Image via WikipediaFrom Fox News:
Bill Clinton underwent a heart procedure at a New York City hospital Thursday to get two stents implanted after he felt "discomfort in his chest," a representative for the former president said.
The former president, 63, "is in good spirits" after the operation at the Columbia campus of New York Presbyterian Hospital, Clinton laywer Douglas Band said in a written statement. Clinton underwent the procedure to place the stents in one of his coronary arteries following a visit to his cardiologist, Band said.
"President Clinton ... will continue to focus on the work of his foundation and Haiti's relief and long-term recovery efforts," he said.
Dr. Alan Schwartz, his cardiologist, said there was, "no evidence of a heart attack."
Clinton went to see Schwartz because he was experiencing "chest discomforts, brief in nature" on a repetitive basis over the past several day.
Schwartz said the former president's prognosis is excellent and he was already up and walking around.
"We hope to have him go home tomorrow," he said. "The goal of the treatment is for President Clinton to resume his very active lifestyle."
He said the incident was in no way a result of the former president's lifestyle or diet, adding Clinton is in "excellent condition."
Clinton went through quadruple bypass surgery in 2004 to free four blocked arteries.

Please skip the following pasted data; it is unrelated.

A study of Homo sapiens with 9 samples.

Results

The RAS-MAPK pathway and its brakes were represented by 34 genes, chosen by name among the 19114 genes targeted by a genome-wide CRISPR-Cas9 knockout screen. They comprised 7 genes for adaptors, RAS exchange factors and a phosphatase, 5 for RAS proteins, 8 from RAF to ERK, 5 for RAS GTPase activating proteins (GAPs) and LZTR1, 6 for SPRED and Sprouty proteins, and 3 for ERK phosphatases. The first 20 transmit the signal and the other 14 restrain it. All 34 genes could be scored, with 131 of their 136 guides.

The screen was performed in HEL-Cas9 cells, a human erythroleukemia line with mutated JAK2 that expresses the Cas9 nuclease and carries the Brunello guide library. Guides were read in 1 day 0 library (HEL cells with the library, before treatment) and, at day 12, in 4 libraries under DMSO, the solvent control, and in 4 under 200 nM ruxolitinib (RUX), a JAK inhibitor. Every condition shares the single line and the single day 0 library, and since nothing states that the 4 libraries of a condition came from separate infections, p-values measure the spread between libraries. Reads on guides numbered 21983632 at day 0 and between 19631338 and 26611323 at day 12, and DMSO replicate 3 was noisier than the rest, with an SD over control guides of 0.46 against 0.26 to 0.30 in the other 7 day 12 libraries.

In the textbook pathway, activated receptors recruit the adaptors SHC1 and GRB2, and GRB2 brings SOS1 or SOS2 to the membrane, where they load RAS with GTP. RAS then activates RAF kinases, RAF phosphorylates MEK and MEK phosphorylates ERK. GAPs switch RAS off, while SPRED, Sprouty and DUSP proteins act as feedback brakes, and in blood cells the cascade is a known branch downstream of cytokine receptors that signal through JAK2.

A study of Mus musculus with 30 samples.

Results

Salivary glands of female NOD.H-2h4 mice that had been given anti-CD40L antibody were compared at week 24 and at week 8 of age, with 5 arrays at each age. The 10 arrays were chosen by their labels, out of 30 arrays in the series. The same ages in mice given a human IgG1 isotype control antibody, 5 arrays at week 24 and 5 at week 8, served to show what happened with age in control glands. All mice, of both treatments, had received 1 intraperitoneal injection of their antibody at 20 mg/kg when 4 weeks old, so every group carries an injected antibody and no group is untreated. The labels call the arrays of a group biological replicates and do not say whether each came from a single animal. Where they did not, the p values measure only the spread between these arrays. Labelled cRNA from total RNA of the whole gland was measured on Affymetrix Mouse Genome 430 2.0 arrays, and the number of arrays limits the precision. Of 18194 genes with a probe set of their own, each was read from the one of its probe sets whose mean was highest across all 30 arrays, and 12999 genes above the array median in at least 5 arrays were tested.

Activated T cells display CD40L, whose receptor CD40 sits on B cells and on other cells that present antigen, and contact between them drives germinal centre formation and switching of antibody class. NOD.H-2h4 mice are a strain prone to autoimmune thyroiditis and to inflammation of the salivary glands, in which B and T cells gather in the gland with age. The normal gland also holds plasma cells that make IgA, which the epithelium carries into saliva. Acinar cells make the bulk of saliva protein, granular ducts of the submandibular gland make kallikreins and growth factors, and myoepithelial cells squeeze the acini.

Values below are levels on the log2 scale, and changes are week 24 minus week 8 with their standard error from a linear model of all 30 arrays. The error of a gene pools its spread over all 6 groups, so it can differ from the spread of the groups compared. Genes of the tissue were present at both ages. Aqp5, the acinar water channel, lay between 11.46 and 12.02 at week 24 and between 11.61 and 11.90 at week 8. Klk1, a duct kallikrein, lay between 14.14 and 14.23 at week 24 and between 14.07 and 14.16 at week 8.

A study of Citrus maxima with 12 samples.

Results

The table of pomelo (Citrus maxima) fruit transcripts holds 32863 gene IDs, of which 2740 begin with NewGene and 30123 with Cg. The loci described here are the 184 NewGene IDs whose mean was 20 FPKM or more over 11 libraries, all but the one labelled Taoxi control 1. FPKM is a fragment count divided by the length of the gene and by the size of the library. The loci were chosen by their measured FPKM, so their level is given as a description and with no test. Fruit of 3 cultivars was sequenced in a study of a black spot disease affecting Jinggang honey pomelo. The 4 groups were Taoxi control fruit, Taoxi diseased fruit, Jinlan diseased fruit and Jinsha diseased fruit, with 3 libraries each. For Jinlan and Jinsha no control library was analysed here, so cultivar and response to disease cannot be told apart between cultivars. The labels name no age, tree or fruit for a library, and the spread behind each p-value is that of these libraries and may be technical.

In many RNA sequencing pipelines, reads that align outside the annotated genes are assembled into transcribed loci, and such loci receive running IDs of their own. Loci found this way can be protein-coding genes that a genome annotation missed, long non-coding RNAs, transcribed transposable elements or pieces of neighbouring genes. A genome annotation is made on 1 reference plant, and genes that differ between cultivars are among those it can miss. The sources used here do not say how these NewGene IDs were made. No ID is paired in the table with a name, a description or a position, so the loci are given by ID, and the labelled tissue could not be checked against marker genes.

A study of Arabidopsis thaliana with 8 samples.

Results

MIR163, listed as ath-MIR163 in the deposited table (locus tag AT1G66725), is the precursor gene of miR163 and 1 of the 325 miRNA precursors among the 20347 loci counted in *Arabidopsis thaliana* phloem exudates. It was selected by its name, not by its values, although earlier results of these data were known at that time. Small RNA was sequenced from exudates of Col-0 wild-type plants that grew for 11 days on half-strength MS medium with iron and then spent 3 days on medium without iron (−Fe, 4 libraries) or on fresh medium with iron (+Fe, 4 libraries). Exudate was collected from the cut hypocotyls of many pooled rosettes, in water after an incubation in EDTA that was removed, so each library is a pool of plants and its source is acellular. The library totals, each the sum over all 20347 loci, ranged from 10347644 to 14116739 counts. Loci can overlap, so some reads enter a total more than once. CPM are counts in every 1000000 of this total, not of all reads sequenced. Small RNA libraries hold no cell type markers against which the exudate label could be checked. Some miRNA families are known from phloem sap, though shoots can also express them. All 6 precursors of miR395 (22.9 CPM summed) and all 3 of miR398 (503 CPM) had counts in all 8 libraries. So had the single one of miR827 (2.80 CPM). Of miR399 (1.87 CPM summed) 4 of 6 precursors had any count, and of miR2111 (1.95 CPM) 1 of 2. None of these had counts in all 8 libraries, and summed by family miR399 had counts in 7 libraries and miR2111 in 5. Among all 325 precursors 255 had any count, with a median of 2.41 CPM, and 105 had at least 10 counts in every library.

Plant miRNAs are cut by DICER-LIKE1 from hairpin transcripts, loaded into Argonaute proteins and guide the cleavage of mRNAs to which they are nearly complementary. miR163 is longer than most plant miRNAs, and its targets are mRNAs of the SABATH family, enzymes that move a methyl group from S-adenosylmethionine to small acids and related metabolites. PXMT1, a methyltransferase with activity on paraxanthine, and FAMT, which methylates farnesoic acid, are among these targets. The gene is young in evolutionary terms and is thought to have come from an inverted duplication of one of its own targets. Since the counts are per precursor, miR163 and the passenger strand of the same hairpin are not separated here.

Secretary of State Hillary Clinton and their daughter Chelsea were both at the hospital.
Officials said Hillary Clinton will push her trip to the Middle East back a day, leaving Saturday instead of Friday.
President Obama spoke to Clinton Thursday night and wished him a speedy recovery, a White House official told Fox News.
Obama told Clinton that the efforts in Haiti were too important for him to be laid up for too long and hopes he'll be ready to get back to work as soon as possible, the official said.
Clinton said he was feeling "absolutely great."
Dr. Isadore Rosenfeld told Fox News that a stent procedure like this, involving angioplasty, is common for people who have had bypass surgery.
"When the coronary artery is blocked, there are two major options for restoring blood flow to the portion of the heart muscle that's been deprived," Rosenfeld said. "One is angioplasty and the other is bypass surgery."
Rosenfeld added that "the angioplasty is much easier, but over the long run, bypass operations carry less chance of the artery becoming (blocked) down the road."
Former President George W. Bush, who is working with Bill Clinton on the relief efforts in Haiti, and his wife, Laura, sent his prayers to him for a speedy recovery.
"President Bush spoke to Chelsea Clinton this afternoon and was glad to hear that her father is doing well and that his spirits are high," David Sherzer, spokesman for the former president, said in a written statement. "President Bush looks forward to continuing to work with his friend on Haiti relief and rebuilding."
Former President George H.W. Bush, who teamed up with Clinton in 2005 for tsunami relief efforts in Asia, also wished Clinton a "speedy and full recovery."
A Democratic source close to the family told Fox News the former president, who recently traveled to Haiti, had been feeling ill after returning and complaining of chest pains for "days."
"This is something that I believe was there just waiting to cause a problem," he said.
Dr. Steven Garner of New York Methodist Hospital told Fox News the "stress" of the president's recent trips to Haiti could have triggered a heart problem.
A hospital spokeswoman declined to comment.